Suboxone is a medication that helps treat opioid addiction and minimize cravings. The drug works by partially binding to the opioid receptor sites in the brain.
Suboxone contains two drugs, buprenorphine which is a partial opioid agonist, and naloxone which is an opioid antagonist. Buprenorphine stimulates some opioid effects, and in doing so helps reduce cravings and withdrawal symptoms. Naloxone, on the other hand, works to prevent misuse of the drug.
Suboxone comes as an oral film that is sublingual or placed under the tongue, or a buccal film that is placed in between your cheek and gums. The film dissolves in your mouth and should not be chewed or swallowed.
How does Suboxone treatment work?
Suboxone is a drug that can be used to help people with addiction get through withdrawal symptoms. It combines two different medications- buprenorphine and naloxone.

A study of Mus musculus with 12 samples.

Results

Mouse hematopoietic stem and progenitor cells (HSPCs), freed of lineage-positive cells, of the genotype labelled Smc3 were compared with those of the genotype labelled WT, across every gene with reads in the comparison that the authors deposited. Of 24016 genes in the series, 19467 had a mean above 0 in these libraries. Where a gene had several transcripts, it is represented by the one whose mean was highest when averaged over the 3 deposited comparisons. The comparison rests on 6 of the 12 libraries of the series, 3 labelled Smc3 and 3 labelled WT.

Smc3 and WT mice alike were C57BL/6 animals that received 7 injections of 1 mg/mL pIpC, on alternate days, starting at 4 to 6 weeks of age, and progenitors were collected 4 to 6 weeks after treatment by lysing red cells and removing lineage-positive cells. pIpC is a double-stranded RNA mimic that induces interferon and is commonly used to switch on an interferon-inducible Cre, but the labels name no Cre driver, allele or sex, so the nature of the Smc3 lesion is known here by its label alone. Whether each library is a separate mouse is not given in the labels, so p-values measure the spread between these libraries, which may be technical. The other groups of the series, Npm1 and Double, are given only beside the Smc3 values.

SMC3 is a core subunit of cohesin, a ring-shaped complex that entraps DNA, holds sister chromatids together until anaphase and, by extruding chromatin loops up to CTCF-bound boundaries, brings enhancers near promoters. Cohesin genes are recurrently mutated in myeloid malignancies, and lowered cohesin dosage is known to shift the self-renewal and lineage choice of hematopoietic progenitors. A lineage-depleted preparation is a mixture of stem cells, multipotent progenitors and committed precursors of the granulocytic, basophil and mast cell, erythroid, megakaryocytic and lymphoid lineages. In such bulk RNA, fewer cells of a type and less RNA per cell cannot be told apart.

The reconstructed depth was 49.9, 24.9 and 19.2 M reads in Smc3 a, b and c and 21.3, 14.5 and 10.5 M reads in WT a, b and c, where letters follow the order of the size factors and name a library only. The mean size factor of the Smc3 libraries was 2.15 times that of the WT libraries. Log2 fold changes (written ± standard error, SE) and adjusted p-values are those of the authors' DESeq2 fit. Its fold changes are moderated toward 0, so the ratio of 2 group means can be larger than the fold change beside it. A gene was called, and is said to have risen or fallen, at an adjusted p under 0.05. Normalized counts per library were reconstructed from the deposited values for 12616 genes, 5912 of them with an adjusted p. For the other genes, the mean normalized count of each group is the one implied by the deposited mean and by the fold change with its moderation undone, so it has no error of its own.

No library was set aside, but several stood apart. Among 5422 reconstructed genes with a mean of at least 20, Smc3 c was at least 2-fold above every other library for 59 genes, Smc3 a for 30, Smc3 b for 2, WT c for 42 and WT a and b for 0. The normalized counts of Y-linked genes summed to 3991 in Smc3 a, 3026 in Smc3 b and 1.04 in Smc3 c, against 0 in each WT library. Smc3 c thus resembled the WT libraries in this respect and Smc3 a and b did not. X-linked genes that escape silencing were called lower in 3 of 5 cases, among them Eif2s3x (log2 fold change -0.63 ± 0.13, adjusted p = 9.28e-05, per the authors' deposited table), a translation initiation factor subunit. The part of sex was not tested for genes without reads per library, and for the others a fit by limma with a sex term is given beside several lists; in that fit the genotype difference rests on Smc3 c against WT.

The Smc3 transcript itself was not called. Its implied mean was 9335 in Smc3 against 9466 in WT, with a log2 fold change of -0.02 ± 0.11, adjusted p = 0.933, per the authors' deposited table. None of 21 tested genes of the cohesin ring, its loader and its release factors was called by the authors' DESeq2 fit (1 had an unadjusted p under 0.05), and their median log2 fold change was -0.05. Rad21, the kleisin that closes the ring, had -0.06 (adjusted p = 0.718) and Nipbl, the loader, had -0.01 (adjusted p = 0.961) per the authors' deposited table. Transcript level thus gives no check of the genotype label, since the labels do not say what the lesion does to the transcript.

Buprenorphine, the active drug in Suboxone, is a partial opioid agonist. It can help treat opioid dependence by reducing cravings and withdrawal symptoms associated with opioid dependence. It does this by occupying the mu-opioid receptors. Buprenorphine has a ceiling effect, which means once the dose is increased beyond a certain point, there is no change in effect. Because of this ceiling effect, buprenorphine will not result in a “high” for those that have been in active addiction.
Naloxone is an opioid antagonist. The naloxone in Suboxone is used to discourage the inappropriate use of the medication. If Suboxone is used in a fashion other than as intended, the naloxone will cause immediate withdrawal.
Treatment of opioid dependence occurs in two phases. The first phase is called induction, and it lasts for about one week. Doctors stabilize patients on the appropriate dose of suboxone, and may use other medications to help reduce withdrawal symptoms.
The second phase is called maintenance treatment, and it's designed to get patients through an extended period without relapse into drug use. This stage requires daily doses of medication taken by mouth to avoid interruptions in treatment while continuing addiction recovery efforts at home with counseling, support groups, educational programs, etc.